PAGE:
These cliché tropes are now on full display at the Museum of Contemporary Art Detroit during Joshua White & Gary Panter’s Light Show, which closes this Sunday, April 29. While this show is fun, it doesn’t capture my imagination or engage my intellect. As a whole, it feels like a successful backdrop to another event, but the problem is that the “event” doesn’t exist. The show is missing substance. It’s worth mentioning that the Light Show has been shown elsewhere as an event and not a full-scale installation such as this.
The Light Show fails to fill MoCAD. Rather than filling this large space with their collaborative vision, the artists display only fragments of what feels like 1960s subculture. This show does not change the atmosphere of the museum, and actually leaves a lot of the museum dark and empty. One large area of the museum mimics the Groove Shop. It has various glass displays with miscellaneous 1960s paraphernalia. The walls are covered with miscellaneous pictures of what appears to be previous lights shows and in one corner there are various tools from those presentations — this area of the show translates as a humdrum vintage shop.
Another large area of the museum (the largest display area) promises an exciting experience because it requires museum goers to walk through a carnival-like gapping mouth. Yet, once inside you feel as if you just missed something, perhaps a concert. The area has an band setup and color cardboard pieces with cartoon characters drawn on them. These mounds are sad little islands lost in the shadows of the cavernous MoCAD. Where are the lights? Where is the music?
The exhibition, and this style of work generally, feels like it is merely there to distract. The artists create amorphous floods of color in an effort to entrance you. In addition to being accomplished graphic novelists and cartoonists, White’s and Panter’s professional backgrounds are in creating graphics, sets and designs for musical performances and television shows — Panter snagged a number of awards for his work on the 1980s cult classic Pee-Wee’s Playhouse. It is obvious they are comfortable creating cool zones. In fact, my favorite experience during the show was an interactive light wall where viewers are mesmerized by fleeting colors on a large rectangular screen. As an added treat, you can wander behind the scenes to see how the colors and forms are created using a rotating device with small, shaped mirrors.
You could argue that shows like this have to be “activated” to be fully appreciated, which means that an environment such as this can only best be enjoyed when people are engaging with them beyond the visual art, such as when a band plays music or an artist reads his or her poetry (all of which happened during the show’s tenure at MoCAD). But doesn’t this reinforce the idea of the show as a backdrop? This points out the issue that White and Panter’s exhibition probably does not deserve such a central and extensive focus at a major contemporary museum. Perhaps the lights and the pockets of darkness are meant to let your mind go and contemplate the moment — people on drugs must love this — but that’s not me. Walking through I felt like I was reading Voltaire’s Candide: While this light show provides colorful epithets that are fun and optimistic outlooks on life that offer momentary distraction. But I feel like I’ve seen too much and can no longer trust or value them as I may have done in high school or college. Perhaps I expect too much from artists and hold them up as a category of philosophers. And I should mention that the real experience wasn’t as slick and pristine as the press photos taken by the museum and published on media outlets without commentary might suggest.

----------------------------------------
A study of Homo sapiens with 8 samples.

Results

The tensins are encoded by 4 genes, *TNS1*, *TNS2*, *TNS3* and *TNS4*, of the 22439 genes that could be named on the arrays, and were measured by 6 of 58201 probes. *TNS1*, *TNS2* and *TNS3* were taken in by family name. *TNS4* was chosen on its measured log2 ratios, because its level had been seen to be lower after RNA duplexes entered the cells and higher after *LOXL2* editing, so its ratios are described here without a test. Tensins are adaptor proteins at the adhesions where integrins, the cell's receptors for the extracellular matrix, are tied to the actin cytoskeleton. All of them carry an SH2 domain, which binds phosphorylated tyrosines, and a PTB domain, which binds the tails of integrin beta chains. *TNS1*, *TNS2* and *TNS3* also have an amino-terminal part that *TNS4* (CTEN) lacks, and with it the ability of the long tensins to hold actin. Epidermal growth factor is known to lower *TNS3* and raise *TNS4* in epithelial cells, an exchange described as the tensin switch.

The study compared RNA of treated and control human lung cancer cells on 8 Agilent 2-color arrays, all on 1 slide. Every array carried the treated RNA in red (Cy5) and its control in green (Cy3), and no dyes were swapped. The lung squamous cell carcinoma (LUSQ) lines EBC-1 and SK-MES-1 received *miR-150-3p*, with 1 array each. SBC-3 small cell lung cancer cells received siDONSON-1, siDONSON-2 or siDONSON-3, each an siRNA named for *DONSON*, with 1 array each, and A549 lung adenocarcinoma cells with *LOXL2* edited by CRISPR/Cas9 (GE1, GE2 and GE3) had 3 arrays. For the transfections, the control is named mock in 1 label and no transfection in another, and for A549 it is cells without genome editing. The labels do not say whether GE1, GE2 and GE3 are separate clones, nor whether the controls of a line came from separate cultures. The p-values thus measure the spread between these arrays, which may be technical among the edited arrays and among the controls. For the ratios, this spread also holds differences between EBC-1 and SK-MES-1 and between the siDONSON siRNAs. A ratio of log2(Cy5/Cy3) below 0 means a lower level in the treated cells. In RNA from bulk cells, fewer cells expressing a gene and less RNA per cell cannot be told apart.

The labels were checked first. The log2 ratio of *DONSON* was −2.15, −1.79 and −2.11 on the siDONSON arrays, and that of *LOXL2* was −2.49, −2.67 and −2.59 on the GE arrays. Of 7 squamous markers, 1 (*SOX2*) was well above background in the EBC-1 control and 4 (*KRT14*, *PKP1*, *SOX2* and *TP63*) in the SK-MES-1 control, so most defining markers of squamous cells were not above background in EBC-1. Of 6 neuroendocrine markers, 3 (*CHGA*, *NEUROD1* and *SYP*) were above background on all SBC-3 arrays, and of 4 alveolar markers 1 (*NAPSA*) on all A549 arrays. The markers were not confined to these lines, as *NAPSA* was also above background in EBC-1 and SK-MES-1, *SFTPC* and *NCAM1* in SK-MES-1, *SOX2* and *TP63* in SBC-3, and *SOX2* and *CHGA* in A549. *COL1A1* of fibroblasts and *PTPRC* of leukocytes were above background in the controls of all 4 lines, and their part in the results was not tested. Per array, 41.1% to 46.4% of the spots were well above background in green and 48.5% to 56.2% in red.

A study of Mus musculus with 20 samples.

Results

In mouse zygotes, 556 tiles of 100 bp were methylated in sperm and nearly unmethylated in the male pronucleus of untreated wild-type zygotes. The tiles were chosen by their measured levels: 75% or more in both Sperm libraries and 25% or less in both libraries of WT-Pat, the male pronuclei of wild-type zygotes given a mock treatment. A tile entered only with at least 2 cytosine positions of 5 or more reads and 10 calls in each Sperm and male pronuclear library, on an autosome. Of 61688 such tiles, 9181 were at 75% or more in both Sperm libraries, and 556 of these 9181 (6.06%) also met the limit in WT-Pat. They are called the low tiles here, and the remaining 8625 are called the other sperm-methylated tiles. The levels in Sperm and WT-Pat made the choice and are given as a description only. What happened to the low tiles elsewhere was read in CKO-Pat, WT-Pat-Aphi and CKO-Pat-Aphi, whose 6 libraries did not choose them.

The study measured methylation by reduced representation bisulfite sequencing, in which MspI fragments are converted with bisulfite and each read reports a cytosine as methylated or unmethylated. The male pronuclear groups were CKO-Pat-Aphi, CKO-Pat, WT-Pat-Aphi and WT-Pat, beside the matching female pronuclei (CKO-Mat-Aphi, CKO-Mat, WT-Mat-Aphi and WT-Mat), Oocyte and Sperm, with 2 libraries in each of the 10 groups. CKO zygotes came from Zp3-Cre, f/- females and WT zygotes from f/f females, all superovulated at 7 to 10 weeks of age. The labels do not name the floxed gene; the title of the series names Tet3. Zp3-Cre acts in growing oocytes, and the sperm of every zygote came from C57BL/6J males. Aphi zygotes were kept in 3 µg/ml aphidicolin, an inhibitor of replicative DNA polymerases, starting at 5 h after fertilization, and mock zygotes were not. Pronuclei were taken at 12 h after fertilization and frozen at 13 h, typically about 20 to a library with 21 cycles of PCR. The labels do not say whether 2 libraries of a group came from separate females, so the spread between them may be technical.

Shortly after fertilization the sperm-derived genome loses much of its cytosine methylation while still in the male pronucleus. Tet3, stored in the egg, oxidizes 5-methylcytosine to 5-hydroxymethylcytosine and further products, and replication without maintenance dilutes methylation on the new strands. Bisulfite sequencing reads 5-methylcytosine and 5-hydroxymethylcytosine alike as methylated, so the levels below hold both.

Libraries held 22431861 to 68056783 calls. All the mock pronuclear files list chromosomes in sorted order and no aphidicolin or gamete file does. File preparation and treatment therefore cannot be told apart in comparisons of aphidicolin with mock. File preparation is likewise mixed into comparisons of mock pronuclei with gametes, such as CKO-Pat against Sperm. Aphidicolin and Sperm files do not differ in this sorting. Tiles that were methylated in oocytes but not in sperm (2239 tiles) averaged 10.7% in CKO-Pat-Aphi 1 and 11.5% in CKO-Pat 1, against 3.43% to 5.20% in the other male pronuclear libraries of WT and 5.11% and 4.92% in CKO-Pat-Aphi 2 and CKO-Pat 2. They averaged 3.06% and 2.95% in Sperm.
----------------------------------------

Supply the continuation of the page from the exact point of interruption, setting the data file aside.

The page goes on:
I left the show scared about the museum’s direction. MoCAD’s highly praised director, Luis Croquer, left the museum in October. He organized shows that challenged museum goers, and he managed to introduce Detroiters to historical figures in the avant-garde, not to mention rising stars in the contemporary scene. His parting exhibitions highlight his talent. Barely There I and II focused on compelling pieces that ranged from the “World Question Center” (1969) by James Lee Byars to “Love Lettering” (2002) by the brother and sister art team Rivane and Sergio Neuenschwander. It was a joy to behold. He also closed out his tenure with an impressive show by Stéphani Nava, Considering a Plot (Dig for Victory). In her installation (which is intelligently labeled a work-in-progress), she explores the history of subsistence gardens using her intellectual talents and gift as an artist to create beautiful drawings, environments and structures. You leave the show wanting to know more.
MoCAD was once on a difficult path that earned it praise from the contemporary art world. This current show, and MoCAD’s current Post-Industrial Complex call for “MAKERS, INVENTORS, PROBLEM SOLVERS, FABRICATORS, MODIFIERS, CREATORS, BUILDERS, CONJURERS, PRODUCERS, SCIENTISTS, STORYTELLERS, MYTH-MAKERS, URBAN LEGENDS, TINKERERS, VISIONARIES & HOBBYISTS!” [ALL CAPS theirs] to showcase locally made objects, represent an easier path for the museum to take. This may make some people happy, but I’m not one of them.
MoCAD is located at 4454 Woodward Avenue, Detroit, Michigan. It is open Wednesday, Saturday, and Sunday from 11 am to 5 pm, and on Thursdays and Fridays from 11 am to 8 pm. More information can be found at www.MoCADetroit.org.
What is the relation between possessing a person, possessing their image, and dispossessing their progeny
As a scholar of African American history and photography whose work has focused on the status of violent images in museums and archives, I fully support the validity of Ms. Tamara Lanier’s claim and the amicus brief.